BPMS Market consolidation continues: Progress buys Savvion


One of the comments I had made in last year’s Market Update on BPMS was that this market hadn’t really consolidated. So there I am in the process of writing the update to this report and we get two of the original leaders of BPMS, Lombardi and Savvion, be swallowed up by large companies. Watch this space for more details about the new BPMS market update.

In January 2009, I wrote 2 articles about Savvion (Savvion: exploiting business frameworks); these explained what the company was doing particularly in terms of developing business frameworks to speed implementation of business processes. The company was founded in 1994, with the first product release being in 1999. Savvion is perhaps less well known in Europe than in the USA, but it claims to have 24 of the Fortune 100 in its customer base of over 300 currently.

As for why now was the right time for Savvion to sell, Dr. M.A. Ketabchi, founder, president and CEO of Savvion was reported to have said: “We have a large customer base of leading enterprises, and for them BPM is increasingly becoming more critical, with more complex solutions. For Savvion to offer them multi-national support I thought we needed several years to get there, and by then it would be too late.”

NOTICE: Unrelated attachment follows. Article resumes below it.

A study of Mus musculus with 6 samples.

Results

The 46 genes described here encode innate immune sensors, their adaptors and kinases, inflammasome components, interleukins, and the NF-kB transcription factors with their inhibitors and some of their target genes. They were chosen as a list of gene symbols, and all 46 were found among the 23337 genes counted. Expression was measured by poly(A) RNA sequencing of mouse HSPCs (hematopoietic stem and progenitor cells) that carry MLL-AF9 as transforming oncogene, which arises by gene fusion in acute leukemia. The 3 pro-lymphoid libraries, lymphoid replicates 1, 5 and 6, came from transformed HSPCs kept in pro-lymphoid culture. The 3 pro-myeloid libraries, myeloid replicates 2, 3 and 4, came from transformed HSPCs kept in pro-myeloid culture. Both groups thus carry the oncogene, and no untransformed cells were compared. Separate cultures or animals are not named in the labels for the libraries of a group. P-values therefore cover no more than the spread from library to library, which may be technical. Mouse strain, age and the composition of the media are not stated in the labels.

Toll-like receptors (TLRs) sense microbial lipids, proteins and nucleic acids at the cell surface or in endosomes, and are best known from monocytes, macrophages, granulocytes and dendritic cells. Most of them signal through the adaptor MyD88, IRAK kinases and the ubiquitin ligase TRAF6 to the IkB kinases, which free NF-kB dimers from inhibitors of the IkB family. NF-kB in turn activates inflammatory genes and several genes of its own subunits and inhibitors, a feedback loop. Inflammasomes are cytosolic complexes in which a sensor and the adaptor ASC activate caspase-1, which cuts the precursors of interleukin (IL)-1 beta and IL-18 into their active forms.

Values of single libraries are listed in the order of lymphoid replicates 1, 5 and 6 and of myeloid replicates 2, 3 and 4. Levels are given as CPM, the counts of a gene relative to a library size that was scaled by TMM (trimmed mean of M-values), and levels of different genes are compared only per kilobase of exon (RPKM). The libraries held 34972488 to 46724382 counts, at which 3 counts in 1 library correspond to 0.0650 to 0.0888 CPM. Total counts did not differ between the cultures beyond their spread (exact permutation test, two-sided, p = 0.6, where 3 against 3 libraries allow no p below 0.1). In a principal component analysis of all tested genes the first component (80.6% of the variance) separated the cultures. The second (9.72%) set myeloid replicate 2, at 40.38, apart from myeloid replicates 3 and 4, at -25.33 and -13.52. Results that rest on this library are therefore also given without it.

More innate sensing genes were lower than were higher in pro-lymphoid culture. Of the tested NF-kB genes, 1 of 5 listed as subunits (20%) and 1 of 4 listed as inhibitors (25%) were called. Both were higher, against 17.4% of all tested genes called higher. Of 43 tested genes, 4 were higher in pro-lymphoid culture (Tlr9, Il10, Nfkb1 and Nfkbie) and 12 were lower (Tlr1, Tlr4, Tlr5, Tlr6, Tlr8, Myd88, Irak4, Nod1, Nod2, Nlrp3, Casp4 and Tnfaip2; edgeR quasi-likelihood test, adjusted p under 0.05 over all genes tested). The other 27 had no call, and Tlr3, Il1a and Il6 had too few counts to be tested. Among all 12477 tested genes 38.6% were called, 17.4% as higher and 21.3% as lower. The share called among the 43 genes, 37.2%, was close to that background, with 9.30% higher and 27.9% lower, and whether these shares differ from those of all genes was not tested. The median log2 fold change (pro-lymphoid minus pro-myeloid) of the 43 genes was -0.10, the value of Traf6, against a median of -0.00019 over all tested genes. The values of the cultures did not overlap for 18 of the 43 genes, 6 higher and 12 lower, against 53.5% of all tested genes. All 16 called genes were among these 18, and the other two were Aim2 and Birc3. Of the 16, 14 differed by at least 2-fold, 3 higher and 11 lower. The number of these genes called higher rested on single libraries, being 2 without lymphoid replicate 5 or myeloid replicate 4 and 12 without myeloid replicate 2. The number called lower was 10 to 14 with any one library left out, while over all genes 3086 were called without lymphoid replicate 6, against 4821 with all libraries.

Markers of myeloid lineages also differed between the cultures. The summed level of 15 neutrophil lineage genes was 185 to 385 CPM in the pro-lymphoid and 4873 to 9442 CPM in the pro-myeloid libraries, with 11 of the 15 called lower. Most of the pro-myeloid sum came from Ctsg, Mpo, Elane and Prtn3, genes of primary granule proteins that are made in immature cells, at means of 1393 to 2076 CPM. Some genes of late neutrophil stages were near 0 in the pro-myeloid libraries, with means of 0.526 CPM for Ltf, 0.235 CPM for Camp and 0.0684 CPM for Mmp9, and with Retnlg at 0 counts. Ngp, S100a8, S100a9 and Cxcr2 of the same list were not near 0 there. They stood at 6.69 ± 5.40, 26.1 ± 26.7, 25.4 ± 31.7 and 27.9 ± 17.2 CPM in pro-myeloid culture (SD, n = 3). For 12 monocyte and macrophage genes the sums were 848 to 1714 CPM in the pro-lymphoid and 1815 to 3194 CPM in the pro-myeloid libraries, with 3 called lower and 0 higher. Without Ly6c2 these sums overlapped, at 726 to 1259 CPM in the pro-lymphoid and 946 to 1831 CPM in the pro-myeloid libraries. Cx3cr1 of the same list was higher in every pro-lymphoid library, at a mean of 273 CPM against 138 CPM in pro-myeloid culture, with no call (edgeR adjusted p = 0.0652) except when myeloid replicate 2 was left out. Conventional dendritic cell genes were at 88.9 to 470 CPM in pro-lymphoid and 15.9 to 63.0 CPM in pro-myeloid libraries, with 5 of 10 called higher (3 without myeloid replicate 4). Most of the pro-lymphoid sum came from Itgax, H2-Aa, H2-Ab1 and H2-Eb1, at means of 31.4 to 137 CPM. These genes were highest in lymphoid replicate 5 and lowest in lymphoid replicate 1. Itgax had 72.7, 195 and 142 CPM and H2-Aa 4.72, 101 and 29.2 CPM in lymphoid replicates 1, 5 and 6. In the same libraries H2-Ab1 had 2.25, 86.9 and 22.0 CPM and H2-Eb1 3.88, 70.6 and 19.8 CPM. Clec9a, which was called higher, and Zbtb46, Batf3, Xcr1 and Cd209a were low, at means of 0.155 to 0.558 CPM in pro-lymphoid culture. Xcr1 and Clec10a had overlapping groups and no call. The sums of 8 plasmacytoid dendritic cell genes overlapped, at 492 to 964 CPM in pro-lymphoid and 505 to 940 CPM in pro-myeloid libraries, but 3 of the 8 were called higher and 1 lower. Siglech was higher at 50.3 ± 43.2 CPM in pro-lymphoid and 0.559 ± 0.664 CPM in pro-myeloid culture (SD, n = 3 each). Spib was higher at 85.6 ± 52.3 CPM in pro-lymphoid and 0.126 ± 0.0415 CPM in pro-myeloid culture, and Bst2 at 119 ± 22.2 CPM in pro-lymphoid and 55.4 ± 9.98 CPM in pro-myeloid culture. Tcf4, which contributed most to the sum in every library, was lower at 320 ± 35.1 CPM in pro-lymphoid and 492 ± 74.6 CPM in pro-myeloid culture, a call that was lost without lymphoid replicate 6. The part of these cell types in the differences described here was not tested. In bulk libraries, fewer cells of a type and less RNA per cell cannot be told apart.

Dr Ketabchi said that when seeking a buyer, he wanted to find a company where Savvion would fit well pretty much straight away.

From Progress Software’s viewpoint what does this acquisition mean? Richard D. Reidy, president and chief executive officer, Progress Software said in their press release: “We believe that achieving operational responsiveness has become a business imperative, enabling businesses to achieve the highest level of operational performance. Our acquisition of Savvion enhances our goal to provide unprecedented business visibility, responsiveness and business process improvement, coupled with the highest degree of data integrity and integration.”

So how will Savvion integrate with Progress Software’s product set? The press release talks about a product mix of Progress Software’s Business Event Processing (BEP), Business Transaction Assurance (BTA) and Integration portfolio, coupled with the Savvion BPM suite. This product is being aimed at enabling enterprises to achieve the highest levels of operational responsiveness. This mix would provide the ability to improve the execution of business processes by detecting system bottle-necks through visibility into process transactions from end to end. Additionally the product mix will enable a better ability to capture, analyze and respond to opportunities and threats to the business through business event processing in real-time.

What slightly concerns me is that Savvion had identified the need to work with partners to develop business frameworks and I don’t see anything in the acquisition announcement that tells me whether or not this lead strategy will continue under the new ownership.